Attorney General Schneiderman's suit better late than never
Who knows how New York Attorney General Eric Schneiderman will fare in the civil suit he filed Monday against a unit of the JPMorgan Chase investment bank, accusing it of systematic mortgage fraud during the housing boom. But the legal action, the first taken by government since President Obama created a task force to investigate evidence of massive fraud by mortgage bankers, is welcome even this many years after the fact.
Indeed, the company cited in Schneiderman’s suit is Bear Stearns, which JPMorgan didn’t even own when the alleged improprieties took place, between 2005 and 2007. The federal government persuaded JPMorgan to buy Bear Stearns (at a near-giveaway price) in 2008, to keep the U.S. banking industry from collapsing after thousands of nonperforming mortgages — bought, repackaged and sold by investment banks including Bear Stearns — left smaller banks, insurers and other investors in the lurch to the tune of hundreds of billions of dollars.
Schneiderman’s suit alleges that Bear Stearns knew all along its loan packages were garbage but misled buyers into thinking they were sound. And when it got caught, and sought to sell the defective mortgages back to their originators (as required), it kept the proceeds instead of refunding them to defrauded customers.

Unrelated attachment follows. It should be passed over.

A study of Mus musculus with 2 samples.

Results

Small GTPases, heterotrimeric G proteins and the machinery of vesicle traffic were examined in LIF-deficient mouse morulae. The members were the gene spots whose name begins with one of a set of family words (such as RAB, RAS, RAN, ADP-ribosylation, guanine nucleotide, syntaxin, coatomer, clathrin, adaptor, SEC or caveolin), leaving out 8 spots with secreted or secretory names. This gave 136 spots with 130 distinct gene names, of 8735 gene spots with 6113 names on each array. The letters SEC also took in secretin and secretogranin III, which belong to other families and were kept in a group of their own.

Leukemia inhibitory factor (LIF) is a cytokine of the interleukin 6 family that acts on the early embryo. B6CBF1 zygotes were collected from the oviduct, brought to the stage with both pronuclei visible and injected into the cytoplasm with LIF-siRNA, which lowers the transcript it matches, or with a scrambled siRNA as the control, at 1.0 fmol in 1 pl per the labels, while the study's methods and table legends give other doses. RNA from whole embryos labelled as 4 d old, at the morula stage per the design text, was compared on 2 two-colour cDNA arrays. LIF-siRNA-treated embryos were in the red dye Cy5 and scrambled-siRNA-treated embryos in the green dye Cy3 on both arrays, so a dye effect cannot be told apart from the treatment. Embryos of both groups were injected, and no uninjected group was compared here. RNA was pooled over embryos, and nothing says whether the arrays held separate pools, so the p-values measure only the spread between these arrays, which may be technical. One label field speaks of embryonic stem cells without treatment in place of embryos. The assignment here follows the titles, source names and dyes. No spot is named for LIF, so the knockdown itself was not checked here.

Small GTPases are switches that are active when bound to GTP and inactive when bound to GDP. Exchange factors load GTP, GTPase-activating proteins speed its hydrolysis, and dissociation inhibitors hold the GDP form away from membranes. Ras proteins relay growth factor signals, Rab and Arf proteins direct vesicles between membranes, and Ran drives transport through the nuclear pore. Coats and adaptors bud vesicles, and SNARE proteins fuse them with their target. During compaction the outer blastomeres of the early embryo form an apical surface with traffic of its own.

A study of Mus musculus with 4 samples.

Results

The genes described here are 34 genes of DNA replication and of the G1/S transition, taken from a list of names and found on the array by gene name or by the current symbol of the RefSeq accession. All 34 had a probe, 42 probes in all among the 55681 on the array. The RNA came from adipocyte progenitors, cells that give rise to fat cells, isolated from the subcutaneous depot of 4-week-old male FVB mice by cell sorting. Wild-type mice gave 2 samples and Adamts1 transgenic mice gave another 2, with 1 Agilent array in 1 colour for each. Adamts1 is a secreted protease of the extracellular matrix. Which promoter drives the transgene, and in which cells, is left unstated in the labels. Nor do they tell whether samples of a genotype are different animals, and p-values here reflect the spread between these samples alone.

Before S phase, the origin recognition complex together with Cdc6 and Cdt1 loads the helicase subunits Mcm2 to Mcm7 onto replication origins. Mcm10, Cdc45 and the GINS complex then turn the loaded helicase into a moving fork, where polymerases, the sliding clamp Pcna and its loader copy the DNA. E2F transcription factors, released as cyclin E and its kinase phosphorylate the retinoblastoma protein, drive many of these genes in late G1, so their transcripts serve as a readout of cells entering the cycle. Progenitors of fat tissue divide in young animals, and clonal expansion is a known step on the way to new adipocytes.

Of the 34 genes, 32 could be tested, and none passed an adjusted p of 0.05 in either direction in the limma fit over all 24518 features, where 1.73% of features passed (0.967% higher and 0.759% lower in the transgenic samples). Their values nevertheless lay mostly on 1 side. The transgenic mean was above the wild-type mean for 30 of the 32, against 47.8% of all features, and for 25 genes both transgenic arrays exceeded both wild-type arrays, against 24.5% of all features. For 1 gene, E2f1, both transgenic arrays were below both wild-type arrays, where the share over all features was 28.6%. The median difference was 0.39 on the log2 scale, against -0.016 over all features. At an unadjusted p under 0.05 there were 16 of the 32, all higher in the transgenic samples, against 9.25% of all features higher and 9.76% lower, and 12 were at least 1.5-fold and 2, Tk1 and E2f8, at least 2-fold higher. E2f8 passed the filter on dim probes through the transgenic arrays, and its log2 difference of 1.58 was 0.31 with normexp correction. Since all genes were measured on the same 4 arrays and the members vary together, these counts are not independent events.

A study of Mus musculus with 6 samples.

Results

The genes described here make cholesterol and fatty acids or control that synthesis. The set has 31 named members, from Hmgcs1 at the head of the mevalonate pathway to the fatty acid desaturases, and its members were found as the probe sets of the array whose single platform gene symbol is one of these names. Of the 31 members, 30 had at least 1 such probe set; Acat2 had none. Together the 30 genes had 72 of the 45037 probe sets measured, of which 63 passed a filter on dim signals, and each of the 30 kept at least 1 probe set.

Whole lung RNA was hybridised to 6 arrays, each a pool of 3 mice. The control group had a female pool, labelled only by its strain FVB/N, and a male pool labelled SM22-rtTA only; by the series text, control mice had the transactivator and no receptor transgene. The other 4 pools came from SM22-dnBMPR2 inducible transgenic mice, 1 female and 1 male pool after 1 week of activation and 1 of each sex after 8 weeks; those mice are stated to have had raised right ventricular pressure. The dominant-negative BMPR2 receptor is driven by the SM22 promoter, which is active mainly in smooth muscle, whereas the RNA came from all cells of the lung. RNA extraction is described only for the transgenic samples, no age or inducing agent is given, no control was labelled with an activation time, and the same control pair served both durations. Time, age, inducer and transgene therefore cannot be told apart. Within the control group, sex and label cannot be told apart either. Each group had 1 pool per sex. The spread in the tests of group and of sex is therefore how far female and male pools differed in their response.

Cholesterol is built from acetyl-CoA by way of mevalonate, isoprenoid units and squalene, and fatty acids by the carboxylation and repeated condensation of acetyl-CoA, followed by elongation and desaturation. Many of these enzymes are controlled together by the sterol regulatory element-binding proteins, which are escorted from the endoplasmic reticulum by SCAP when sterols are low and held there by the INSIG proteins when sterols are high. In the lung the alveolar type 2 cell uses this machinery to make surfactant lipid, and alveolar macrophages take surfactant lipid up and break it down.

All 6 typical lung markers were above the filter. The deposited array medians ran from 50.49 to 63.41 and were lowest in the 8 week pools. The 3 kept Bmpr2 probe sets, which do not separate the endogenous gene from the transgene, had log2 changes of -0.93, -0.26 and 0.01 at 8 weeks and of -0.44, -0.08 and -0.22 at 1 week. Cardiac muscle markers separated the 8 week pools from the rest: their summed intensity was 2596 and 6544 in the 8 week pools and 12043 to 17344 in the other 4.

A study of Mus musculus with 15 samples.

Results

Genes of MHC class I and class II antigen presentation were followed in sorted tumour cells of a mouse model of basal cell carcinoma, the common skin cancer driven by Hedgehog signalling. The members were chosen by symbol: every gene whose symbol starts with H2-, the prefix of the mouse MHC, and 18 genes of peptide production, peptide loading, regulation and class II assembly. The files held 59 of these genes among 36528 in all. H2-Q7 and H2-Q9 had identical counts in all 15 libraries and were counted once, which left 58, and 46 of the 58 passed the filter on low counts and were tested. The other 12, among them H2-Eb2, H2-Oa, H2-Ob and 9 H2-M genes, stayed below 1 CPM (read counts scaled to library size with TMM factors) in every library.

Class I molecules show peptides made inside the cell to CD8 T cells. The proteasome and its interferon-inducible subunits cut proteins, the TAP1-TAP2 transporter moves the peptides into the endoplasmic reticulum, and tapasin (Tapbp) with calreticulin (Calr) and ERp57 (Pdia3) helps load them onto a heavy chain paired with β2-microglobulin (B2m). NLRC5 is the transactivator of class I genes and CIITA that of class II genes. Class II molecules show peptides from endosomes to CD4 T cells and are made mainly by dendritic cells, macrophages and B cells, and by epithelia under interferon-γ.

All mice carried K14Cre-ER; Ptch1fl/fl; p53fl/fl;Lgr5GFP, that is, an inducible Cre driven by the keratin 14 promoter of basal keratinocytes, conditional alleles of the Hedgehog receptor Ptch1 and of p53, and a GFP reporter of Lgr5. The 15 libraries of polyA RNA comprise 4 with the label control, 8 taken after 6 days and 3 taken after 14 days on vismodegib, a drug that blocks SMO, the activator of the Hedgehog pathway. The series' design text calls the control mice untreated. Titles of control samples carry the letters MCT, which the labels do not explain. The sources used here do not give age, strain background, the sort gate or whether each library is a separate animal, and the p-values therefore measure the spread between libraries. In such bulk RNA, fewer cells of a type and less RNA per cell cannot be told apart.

JPMorgan’s response to the suit wasn’t terribly convincing. Rather than the usual “everyone was doing it” defense, it merely sought to undermine Schneiderman’s case by accusing him of “recycling claims already made by private plaintiffs.” Well, so what if he did? Investors lost an estimated $22.5 billion on more than 100 subprime securities issued by Bear Stearns before the bottom fell out, and many of them have yet to see any reimbursement for their losses. Fraud is fraud, whether it’s filed by an individual, private plaintiff or a public one on behalf of hundreds of others.
JPMorgan, which settled a lot of those private suits privately, says it will fight this one. That’s good because it should help Schneiderman and others in the president’s multi-agency task force get to the bottom of the crisis Bear Stearns and others in the industry created, a crisis that came uncomfortably close to toppling the world economy.
And while it’s essentially too late for Schneiderman to file criminal charges in New York, the feds have more leeway with the statute of limitations. Paying off multibillion-dollar claims will hurt these banks and have some impact on executives’ behavior, but not nearly as much as if a few of them get indicted or maybe even put behind bars for a time.